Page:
The writing shed in which Dylan Thomas worked
The writing shed in which Dylan Thomas worked

Dylan Thomas: Five ways to follow in his footsteps

Mark the centenary of one of Wales's greatest poets at events, exhibitions and several pubs

Sarah Baxter
Thursday 23 October 2014 10:50

If Dylan Thomas hadn't already gone not so gently into that good night, 27 October would have marked his 100th birthday. As it is, he died in 1953, aged just 39. But Thomas remains arguably Wales's greatest poet, and the centenary sees the ingenious, oft-inebriated icon and his enduring works being celebrated across South Wales and beyond (see Attend a Thomas festival, take a stroll in his footsteps or just raise a glass at one of his favourite boozers.

Start at the beginning

Dylan Thomas was born at 5 Cwmdonkin Drive, Swansea (01792 472555;, an inconspicuous semi that's been restored to its 1914 glory and is open for daily tours (11am, 1pm, 3pm; £8); you can enjoy a home-cooked dinner in the dining room (fortnightly) or even sleep in the poet's bedroom (£150 per night for up to two people; £50 extra for each additional adult after this).

Swansea is also home to the Dylan Thomas Centre (01792 463980;; free), ground zero for those interested in the poet. Next Monday, the centre will reopen its permanent Thomas exhibition, refurbished and expanded for the centenary.

Skip to the end

Thomas was born in Swansea but spent his final four years in the Carmarthenshire town of Laugharne. It was here, in his writing shed by the Taf estuary, that he wrote Under Milk Wood. His former home, the nearby Boathouse, is now a heritage centre (01994 427420;; £4.20). It hosts frequent events; next Monday, Thomas biographer Andrew Lycett will give a talk.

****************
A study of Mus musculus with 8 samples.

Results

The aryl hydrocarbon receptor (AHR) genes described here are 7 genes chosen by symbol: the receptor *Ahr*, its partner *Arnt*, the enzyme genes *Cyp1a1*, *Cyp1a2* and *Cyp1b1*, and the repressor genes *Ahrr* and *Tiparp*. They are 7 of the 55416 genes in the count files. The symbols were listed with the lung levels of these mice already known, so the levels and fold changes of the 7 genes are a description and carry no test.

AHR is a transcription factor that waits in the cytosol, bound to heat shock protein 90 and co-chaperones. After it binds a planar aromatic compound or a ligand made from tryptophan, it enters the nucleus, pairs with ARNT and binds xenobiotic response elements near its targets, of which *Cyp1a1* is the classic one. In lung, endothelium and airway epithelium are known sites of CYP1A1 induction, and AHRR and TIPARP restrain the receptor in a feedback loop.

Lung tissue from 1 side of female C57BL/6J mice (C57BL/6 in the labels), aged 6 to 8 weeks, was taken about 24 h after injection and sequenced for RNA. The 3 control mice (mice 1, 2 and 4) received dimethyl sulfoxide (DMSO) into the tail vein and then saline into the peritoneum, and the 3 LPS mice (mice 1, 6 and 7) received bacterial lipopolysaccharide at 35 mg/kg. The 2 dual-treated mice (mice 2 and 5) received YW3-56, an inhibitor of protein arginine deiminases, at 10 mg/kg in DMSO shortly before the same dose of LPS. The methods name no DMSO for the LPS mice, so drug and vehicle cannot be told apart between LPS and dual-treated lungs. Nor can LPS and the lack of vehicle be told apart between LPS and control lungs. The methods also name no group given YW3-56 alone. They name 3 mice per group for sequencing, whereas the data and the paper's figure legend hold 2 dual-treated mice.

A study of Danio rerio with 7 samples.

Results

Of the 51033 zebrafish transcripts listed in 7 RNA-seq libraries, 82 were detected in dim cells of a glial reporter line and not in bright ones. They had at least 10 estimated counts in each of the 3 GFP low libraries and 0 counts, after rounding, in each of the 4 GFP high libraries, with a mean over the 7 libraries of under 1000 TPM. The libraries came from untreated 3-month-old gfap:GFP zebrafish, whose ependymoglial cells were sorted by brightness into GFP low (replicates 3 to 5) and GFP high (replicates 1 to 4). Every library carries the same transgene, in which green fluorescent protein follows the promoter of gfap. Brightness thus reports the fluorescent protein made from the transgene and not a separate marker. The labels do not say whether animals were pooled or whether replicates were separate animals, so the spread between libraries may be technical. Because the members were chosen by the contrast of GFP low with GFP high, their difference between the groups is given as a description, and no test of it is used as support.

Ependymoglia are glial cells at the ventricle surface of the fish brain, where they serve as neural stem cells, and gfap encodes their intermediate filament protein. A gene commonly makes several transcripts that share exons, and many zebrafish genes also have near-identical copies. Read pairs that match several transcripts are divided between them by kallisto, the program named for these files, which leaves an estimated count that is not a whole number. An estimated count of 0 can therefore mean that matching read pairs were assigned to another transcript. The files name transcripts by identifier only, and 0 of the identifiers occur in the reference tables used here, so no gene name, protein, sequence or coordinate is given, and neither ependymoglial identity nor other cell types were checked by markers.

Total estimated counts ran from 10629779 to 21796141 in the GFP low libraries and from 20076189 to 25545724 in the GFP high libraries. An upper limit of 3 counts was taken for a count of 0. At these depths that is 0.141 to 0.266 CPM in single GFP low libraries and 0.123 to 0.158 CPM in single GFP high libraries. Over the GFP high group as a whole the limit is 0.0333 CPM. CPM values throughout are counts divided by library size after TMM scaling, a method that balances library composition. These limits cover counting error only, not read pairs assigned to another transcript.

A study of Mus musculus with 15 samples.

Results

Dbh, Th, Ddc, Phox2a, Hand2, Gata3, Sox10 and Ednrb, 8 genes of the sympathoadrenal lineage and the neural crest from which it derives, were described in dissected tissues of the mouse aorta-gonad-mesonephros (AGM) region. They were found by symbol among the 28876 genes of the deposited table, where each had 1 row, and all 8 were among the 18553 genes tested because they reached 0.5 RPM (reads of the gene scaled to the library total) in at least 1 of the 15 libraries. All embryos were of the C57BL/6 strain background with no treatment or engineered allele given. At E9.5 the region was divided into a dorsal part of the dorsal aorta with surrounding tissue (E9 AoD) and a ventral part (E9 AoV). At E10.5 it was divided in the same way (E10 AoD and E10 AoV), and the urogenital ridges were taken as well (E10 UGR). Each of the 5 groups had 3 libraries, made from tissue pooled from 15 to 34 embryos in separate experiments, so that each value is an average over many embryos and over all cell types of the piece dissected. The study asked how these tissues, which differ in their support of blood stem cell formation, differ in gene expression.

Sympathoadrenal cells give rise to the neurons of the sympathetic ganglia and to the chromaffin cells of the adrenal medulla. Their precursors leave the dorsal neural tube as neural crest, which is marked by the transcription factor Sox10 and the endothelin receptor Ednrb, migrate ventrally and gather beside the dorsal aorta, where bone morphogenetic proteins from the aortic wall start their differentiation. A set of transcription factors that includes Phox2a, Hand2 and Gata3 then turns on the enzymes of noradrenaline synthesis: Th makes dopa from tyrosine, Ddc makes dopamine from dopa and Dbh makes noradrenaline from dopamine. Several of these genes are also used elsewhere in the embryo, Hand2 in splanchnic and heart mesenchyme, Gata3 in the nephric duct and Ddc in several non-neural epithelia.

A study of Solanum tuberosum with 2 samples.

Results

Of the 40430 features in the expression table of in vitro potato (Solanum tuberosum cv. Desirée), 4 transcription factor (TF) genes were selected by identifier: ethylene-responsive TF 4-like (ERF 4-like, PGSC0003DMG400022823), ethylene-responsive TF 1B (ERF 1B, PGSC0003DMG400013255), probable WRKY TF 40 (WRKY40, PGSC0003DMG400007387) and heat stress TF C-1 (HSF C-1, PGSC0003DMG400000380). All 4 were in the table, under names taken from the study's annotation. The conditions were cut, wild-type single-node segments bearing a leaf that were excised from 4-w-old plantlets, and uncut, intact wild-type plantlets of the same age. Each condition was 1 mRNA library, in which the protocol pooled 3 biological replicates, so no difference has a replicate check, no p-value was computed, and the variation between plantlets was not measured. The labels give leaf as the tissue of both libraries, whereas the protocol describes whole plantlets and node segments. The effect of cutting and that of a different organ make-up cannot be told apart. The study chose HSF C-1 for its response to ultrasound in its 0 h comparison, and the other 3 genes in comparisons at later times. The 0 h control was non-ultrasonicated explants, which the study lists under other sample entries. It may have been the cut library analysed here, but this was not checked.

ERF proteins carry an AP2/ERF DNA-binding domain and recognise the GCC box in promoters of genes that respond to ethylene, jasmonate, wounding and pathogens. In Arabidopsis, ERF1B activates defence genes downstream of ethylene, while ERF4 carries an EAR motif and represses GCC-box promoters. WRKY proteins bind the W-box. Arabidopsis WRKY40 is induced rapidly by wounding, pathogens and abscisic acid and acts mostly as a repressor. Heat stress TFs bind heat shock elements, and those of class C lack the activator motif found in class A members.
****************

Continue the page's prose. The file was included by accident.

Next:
Thomas is buried in Laugharne; for a more unusual way to visit his simple grave and explore the countryside he so loved, hop on a horse and join a two-hour Centenary Ride with Hills Farm Stables (01994 427375;; £40).

Take a walk

Thomas loved wandering the Welsh countryside. Laugharne's Birthday Walk (dylanthomas follows the 1.9-mile route that Dylan immortalised in "Poem in October"; it leads around Laugharne harbour to Sir John's Hill.

For a longer stroll, try Ceredigion's 24-mile Dylan Thomas Trail. It connects Llanon's Central Hotel (where the poet sank a few) to New Quay, which may have provided the inspiration for Under Milk Wood's Llareggub. The route goes via several old Thomas haunts, including Plas Gelli in Talsarn and the tiny bungalow of Majoda.

Have a drink

Dylan Thomas is almost more famed for his drinking than for his writing. He certainly accrued several locals. The Wheatsheaf in London's Fitzrovia (Rathbone Place; 020 7580 1585) is where Thomas met his future wife, Caitlin; it remains a proper old pub with stained glass, real ale and continuing literary connections. After marrying Caitlin in Penzance, The Ship Inn in Mousehole became their honeymoon hangout (01736 731234;; you can still sit in "Dylan's Corner" here. Brown's Hotel in Laugharne (01994 427688; was perhaps his favourite, however. Built in 1752, and fresh from refurbishment in 2013, it offers literary-luxe rooms and sells Penderyn's new "Icons of Wales: Dylan" single malt in the bar.

Join a celebration

Centenary events peak over the next week. Dylan Thomas in Fitzrovia (20-26 October; dylantho is London's commemoration. A mobile recreation of his writing shed will set up residence; Thomas's granddaughter will discuss Dylan on women; and there's a jazz version of Under Milk Wood.

Swansea's Grand Theatre will host a Dylathon (26-27 October;, a continuous 36-hour reading of his works; tickets are available for three- and 12-hour slots (£25 or £75 respectively) or for the whole event (£150). Or tune in to BBC Radio Wales at 7pm on 26 October: Under Milk Wood, starring Michael Sheen, is being performed at New York's Kaufmann Concert Hall and will be broadcast live.